In the growing genre of edgy comedic animated series, sweetness is not the first word that comes to mind. While often clever and intelligent in their own ways, shows like “Rick and Morty,” “South Park,” and “Family Guy,” don’t usually send the most wholesome or kind messages and sometimes feel mean-spirited. Edgy humor often comes at the expense of compassion towards the characters and an episode of “Rick and Morty” often leaves me feeling entertained, but not uplifted.
Walking the line between rauchiness and sensitivity is “Big Mouth,” a hilarious animated series tackling puberty with surprising nuance, compassion, and creativity. The show, loosely based on the experiences of creators Nick Kroll and Andrew Goldberg, follows middle schoolers Nick and Andrew and their group of friends navigating puberty and all the confusion, awkwardness, and self-doubt that comes with it. The kids are influenced and advised by their own hormone monsters, creatures representing every preteen’s hormonal impulses who guide and direct the kids’ decisions, often in questionable ways. While hormone monsters could’ve easily been one-dimensional, flat characters, the monsters instead take on eccentric personalities, backstories, motivations, and lives of their own, which is one of the many delights of the show. The monsters, who can’t be seen by adults, cultivate intimate and endearing relationships with their preteens, almost like Hobbes is to Calvin in “Calvin and Hobbes,” only if Hobbes was far more vulgar and talked much more about sex.
The middle schoolers also become acquainted with other manifestations of pubescent influences, such as Tito the anxiety mosquito, the depression cat, and the shame wizard, who work together to isolate and confuse the kids as they try to make sense of relationships, their sexuality, and who they want to be as adults. By making these emotions and impulses distinct characters, “Big Mouth” humanizes each of the middle schoolers; no one is ever simply gross or mean or lame or dumb, but instead a complex, confused individual trying to understand their rapidly changing body and life.
Season four focuses on the characters’ anxiety and their fears of loneliness, concluding in a surreal battle between gratitude and anxiety inside Nick’s subconsciousness represented by a massive toad beating up a mosquito. Creative and hilarious touches like these elevate “Big Mouth” from a goofy cartoon about gross preteens to one of the more complex and unique shows that I’ve seen. Through the show’s endless creativity, messages that could come off as preachy or contrived in a cartoon, like sexuality, body inclusivity, and hyper-masculinity, are instead some of the most entertaining parts of the series. Whether it’s through a musical number sang by a massive tampon about how having one’s period is nothing to be ashamed of or a sex-ed-themed Star Trek spinoff, “Big Mouth” has a remarkable ability to make uncomfortable subjects more accessible and more entertaining, albeit in an often graphic manner, as it doesn’t shy away from any of the gross intricacies of puberty.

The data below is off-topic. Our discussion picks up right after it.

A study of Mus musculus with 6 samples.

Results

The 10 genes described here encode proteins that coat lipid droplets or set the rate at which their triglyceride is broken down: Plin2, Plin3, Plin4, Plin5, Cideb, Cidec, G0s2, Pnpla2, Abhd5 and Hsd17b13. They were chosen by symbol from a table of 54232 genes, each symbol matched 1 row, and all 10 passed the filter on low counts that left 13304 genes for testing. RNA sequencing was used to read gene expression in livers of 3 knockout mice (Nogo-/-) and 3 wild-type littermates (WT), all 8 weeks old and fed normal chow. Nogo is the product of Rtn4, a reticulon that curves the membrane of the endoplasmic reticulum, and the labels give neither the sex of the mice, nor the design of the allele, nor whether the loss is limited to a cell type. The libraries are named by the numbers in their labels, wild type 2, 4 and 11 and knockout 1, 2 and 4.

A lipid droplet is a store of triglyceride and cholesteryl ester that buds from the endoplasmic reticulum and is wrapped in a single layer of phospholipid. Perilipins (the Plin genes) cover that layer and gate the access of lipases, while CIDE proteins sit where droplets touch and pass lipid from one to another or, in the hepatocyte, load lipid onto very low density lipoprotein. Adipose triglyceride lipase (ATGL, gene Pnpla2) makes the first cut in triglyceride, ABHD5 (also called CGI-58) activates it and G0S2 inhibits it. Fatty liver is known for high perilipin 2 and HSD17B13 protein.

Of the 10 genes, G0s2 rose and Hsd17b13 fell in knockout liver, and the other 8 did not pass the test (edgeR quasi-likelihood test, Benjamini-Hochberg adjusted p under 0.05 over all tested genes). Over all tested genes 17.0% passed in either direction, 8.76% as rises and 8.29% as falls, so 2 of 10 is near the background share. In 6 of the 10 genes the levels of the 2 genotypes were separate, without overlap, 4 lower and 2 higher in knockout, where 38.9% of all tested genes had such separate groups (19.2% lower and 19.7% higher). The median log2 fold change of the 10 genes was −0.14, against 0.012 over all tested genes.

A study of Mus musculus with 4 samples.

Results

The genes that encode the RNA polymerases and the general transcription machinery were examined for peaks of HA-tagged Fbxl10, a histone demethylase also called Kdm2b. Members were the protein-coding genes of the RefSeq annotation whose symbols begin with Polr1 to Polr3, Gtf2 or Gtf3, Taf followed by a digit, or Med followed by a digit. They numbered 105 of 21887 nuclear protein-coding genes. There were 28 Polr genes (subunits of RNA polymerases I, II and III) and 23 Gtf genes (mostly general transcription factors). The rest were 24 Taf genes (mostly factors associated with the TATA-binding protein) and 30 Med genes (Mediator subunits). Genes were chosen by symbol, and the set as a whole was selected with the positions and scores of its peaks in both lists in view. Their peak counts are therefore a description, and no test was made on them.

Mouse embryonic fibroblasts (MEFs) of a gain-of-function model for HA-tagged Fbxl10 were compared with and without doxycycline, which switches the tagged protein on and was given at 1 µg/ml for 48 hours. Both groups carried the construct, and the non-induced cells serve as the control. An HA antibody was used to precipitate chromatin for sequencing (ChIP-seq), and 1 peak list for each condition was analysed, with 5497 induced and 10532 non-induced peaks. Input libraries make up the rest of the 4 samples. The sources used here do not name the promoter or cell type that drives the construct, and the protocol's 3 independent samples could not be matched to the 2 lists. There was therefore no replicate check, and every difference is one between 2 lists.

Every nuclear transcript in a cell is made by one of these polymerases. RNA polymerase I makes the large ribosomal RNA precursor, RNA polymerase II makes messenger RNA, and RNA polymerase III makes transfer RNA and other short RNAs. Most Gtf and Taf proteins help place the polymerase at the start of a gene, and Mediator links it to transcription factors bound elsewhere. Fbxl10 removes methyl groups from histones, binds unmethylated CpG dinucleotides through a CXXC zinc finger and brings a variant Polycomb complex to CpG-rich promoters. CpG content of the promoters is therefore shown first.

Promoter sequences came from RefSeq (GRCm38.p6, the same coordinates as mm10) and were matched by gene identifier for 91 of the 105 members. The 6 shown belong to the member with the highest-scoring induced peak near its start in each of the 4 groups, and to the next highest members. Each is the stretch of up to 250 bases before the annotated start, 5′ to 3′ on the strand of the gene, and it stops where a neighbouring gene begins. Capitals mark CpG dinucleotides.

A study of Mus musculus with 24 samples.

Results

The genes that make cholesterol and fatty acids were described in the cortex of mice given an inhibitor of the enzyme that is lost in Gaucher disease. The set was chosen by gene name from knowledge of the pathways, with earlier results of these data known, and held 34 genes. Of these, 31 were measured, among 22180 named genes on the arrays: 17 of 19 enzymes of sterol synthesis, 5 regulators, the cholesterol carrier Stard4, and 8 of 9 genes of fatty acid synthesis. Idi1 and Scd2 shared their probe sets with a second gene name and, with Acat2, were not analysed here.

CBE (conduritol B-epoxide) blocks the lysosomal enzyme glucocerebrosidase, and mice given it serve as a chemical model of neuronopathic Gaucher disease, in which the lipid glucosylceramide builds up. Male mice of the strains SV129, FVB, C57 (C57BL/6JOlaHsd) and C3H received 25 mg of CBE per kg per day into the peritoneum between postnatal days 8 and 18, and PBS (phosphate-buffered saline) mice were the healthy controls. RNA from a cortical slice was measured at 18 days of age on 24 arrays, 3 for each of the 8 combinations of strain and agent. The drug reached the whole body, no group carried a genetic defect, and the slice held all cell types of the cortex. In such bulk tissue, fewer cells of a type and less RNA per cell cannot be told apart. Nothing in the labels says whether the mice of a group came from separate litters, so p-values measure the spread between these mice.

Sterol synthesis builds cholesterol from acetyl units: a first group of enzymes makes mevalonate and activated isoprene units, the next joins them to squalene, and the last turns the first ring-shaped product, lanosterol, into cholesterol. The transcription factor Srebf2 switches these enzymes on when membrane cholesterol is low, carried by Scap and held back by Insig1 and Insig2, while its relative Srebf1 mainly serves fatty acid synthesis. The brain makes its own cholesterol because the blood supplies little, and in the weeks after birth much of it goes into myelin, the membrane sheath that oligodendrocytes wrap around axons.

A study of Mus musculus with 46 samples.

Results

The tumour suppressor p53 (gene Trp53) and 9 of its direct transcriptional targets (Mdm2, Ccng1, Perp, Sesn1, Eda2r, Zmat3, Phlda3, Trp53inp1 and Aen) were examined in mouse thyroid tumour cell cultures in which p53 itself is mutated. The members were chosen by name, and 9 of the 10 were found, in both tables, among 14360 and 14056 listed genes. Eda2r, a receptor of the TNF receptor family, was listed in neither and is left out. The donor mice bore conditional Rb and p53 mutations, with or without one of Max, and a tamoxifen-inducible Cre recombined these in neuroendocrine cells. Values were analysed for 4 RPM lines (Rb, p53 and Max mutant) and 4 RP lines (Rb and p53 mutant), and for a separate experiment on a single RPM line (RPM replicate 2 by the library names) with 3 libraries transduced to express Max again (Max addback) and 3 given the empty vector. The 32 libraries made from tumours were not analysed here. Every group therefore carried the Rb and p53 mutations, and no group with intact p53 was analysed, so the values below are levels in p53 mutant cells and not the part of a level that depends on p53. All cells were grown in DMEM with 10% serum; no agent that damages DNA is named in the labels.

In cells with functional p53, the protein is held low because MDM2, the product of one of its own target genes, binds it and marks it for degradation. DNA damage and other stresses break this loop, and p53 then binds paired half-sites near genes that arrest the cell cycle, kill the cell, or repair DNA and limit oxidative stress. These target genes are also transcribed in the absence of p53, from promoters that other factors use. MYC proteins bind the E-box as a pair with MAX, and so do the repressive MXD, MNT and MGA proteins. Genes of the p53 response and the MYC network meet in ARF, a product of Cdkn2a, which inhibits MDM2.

However, as is often the case when making a comedy show about sensitive topics, “Big Mouth” has been criticized for insensitivity and inaccuracy. In an episode where a new student comes out as pansexual to her classmates, the new student creates a metaphor to describe pansexuality: “It’s, like, some of you borings like tacos, and some of you like burritos. And if you’re bisexual, you like tacos and burritos… But I’m saying I like tacos and burritos, and I could be into a taco that was born a burrito, sure, ’kay, or a burrito that is transitioning into a taco.” While well intentioned, this description of pansexuality was offensive to the non-binary and transgender community by implying that gender was binary and that a transgender man or woman isn’t actually a man or a woman.
Instead of responding by bashing political correctness or oversensitivity—like many other comedians have done when criticized for being offensive—creator Andrew Goldberg offered a sincere and thoughtful apology, in which he reflected on what the show had done wrong and thanked the critics for “opening [the writers’] eyes.” While the show is filled with its share of edgy, graphic, and explicit jokes, the jokes rarely are insensitive or cruel, never breaching the show’s central value: inclusivity. With an exceedingly diverse cast of characters, “Big Mouth” makes an effort to portray puberty for anyone, whether they’re black, white, biracial, gay, straight, or transgender. In “Big Mouth,” edgy jokes aren’t simply to test the boundaries; rather, they make the characters more sympathetic and relatable. No matter who we are, “Big Mouth” knows that everyone has their inner hormone monster.